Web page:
In combination with lifestyle measures (weight control, proper nutrition, and adequate exercise), medications, such as metformin and sulfonylureas, play an important role in achieving glycemic control in patients with diabetes mellitus:
- Metformin is a popular first-line oral antidiabetes drug that is used to help control glycemic levels in patients with diabetes when lifestyle modifications alone are insufficient.
Because diabetes is a progressive disease, metformin monotherapy may eventually fail to adequately control glycemic levels. At this point, most patients need one or more oral antidiabetes drug, or insulin, added as a second-line therapy to their treatment regimen. If, after time, second-line therapy fails, most patients will need one or more additional drugs added as a third-line therapy to achieve target glycemic levels. In Canada, seven classes of antidiabetes drugs are available that may be used as second- and third-line therapy: sulfonylureas, meglitinides, alpha-glucosidase inhibitors, thiazolidinediones, incretin agents, weight loss agents, and insulins (human and insulin analogues).
Need for Recommendations
When metformin monotherapy is no longer effective, existing guidelines recommend several options. However, these guidelines generally lack specific recommendations regarding which drug(s) are optimal as second- and third-line therapy. Instead, they typically recommend that a stepwise approach be used to add drugs from various classes. Moreover, guideline recommendations in this area are based primarily on evidence regarding clinical efficacy and safety; cost-effectiveness is often not considered.
Given the large, growing population of patients with diabetes in Canada, suboptimal use of second- and third-line antidiabetes drugs is likely to have a detrimental effect on both health outcomes and the cost-effective use of drugs. There is a need for clear recommendations based on clinical- and cost-effectiveness evidence to guide the choice of second- and third-line therapy in patients with inadequately controlled diabetes.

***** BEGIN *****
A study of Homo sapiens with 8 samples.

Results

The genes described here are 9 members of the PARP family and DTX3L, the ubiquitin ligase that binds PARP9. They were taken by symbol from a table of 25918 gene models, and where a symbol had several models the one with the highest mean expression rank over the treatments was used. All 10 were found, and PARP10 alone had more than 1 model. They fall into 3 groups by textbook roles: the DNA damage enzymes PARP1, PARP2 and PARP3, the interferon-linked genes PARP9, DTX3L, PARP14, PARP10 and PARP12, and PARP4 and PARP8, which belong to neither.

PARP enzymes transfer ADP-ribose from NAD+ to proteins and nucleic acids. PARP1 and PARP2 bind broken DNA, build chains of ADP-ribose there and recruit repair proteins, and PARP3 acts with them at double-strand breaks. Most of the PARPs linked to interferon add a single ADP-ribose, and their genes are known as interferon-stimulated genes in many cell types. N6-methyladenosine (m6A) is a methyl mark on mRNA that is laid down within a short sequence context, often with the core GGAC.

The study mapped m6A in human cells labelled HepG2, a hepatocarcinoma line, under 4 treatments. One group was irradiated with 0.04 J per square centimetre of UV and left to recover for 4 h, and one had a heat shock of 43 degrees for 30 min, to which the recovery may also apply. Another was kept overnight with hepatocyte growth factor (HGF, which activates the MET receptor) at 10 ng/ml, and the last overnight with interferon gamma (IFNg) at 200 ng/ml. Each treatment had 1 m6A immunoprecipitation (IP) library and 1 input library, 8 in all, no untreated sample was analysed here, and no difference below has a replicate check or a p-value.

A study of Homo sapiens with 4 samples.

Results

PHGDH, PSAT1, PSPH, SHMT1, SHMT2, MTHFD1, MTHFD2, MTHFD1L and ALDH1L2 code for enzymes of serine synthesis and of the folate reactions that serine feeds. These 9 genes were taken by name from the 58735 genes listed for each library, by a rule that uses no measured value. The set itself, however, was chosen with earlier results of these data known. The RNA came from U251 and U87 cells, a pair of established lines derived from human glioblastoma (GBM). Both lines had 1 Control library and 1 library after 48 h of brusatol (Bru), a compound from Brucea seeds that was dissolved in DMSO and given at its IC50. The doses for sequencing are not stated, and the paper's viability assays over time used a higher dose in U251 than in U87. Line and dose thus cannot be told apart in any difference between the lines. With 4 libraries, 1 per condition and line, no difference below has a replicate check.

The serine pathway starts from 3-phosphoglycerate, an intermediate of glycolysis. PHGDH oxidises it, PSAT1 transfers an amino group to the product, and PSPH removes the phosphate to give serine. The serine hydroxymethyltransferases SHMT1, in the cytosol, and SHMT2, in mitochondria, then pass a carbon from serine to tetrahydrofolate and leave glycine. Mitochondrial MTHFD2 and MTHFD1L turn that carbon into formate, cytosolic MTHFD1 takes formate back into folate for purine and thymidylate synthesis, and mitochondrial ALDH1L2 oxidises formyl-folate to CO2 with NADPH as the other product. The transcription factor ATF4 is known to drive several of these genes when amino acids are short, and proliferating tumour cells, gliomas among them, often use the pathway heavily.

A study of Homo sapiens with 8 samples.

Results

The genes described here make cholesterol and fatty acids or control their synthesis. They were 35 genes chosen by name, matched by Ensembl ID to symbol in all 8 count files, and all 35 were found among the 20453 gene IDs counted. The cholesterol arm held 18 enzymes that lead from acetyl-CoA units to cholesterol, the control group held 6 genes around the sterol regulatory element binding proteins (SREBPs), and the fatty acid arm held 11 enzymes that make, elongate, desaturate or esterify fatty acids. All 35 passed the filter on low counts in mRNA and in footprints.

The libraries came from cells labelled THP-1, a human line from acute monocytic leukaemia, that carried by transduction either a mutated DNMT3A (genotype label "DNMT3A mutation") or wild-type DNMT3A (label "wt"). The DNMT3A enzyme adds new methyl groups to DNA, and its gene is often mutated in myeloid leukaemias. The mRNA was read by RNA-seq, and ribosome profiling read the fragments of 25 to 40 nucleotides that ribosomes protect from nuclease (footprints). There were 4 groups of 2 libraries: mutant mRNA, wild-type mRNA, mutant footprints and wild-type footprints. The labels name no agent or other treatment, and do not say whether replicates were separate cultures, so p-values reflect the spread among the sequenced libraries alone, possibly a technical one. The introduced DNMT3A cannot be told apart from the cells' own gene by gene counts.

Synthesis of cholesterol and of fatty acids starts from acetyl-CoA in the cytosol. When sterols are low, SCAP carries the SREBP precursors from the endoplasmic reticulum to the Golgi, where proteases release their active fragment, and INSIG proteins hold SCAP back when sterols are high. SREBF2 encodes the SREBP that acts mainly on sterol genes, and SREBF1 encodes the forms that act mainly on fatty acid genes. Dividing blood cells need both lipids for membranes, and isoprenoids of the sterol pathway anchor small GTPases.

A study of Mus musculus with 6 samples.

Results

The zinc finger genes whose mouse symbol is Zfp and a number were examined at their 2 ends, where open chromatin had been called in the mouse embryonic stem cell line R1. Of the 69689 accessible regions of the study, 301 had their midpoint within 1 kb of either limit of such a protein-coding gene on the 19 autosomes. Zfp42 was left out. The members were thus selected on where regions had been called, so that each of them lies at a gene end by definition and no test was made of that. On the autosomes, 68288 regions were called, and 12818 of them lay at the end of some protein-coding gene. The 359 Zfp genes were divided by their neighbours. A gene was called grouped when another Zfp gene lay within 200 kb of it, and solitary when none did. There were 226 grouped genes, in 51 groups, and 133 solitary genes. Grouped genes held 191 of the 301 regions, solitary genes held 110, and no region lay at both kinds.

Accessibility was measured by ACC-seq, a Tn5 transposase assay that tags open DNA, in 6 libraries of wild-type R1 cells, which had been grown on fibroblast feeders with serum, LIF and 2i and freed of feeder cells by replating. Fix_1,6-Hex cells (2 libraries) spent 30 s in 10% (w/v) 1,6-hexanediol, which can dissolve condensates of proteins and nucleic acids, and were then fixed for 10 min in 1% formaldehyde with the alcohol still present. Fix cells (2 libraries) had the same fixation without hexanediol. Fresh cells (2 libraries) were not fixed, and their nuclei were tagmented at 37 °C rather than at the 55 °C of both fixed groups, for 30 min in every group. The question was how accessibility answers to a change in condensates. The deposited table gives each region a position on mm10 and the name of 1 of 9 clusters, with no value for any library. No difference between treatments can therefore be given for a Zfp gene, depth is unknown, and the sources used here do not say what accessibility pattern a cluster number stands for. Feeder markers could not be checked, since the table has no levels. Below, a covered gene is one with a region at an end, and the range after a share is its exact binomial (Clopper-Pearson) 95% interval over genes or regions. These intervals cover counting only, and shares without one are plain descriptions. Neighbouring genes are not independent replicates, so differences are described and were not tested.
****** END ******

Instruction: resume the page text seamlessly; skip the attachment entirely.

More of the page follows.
Scope of CADTH Work on Second- and Third-Line Therapy Topics
CADTH's original work in this topic area concluded in 2010, with the publishing of several reports. Since then, new antidiabetes agents were approved for use in Canada. In particular, two glucagon-like peptide-1 analogues, exenatide (Byetta®) and liraglutide (Victoza®), and new dipeptidyl peptidase-4 inhibitors (e.g., linagliptin) were approved by Health Canada. Therefore, CADTH undertook and completed an update of the clinical research, pharmacoeconomic review, and optimal therapy recommendations to include the new agents.
CADTH's work on this project has resulted in the following key messages:
For most of your adult patients with type 2 diabetes, when proper diet and exercise are not enough to control hyperglycemia:
- Start oral therapy with metformin.
- Add a sulfonylurea to metformin when metformin alone is not enough to adequately control hyperglycemia.
- Add neutral protamine Hagedorn (NPH) insulin when metformin and a sulfonylurea are not enough to adequately control hyperglycemia.*
Add a dipeptidyl peptidase-4 (DPP-4) inhibitor to metformin and a sulfonylurea in the rare instances when insulin is not an option.
Optimize the dose of the agent at each stage of therapy before moving to the next. Proper diet and exercise should be encouraged at every stage.
*Patients experiencing significant hypoglycemia during efforts to reach target glycated hemoglobin (A1C) with NPH insulin may benefit from a switch to a long-acting insulin analogue (i.e., insulin glargine or detemir).
For the full recommendations and detailed information on their development, see the recommendations report.
CADTH also offers knowledge mobilization tools to support the implementation of recommendations and to assist health care professionals, policy-makers, and consumers in making well-informed decisions.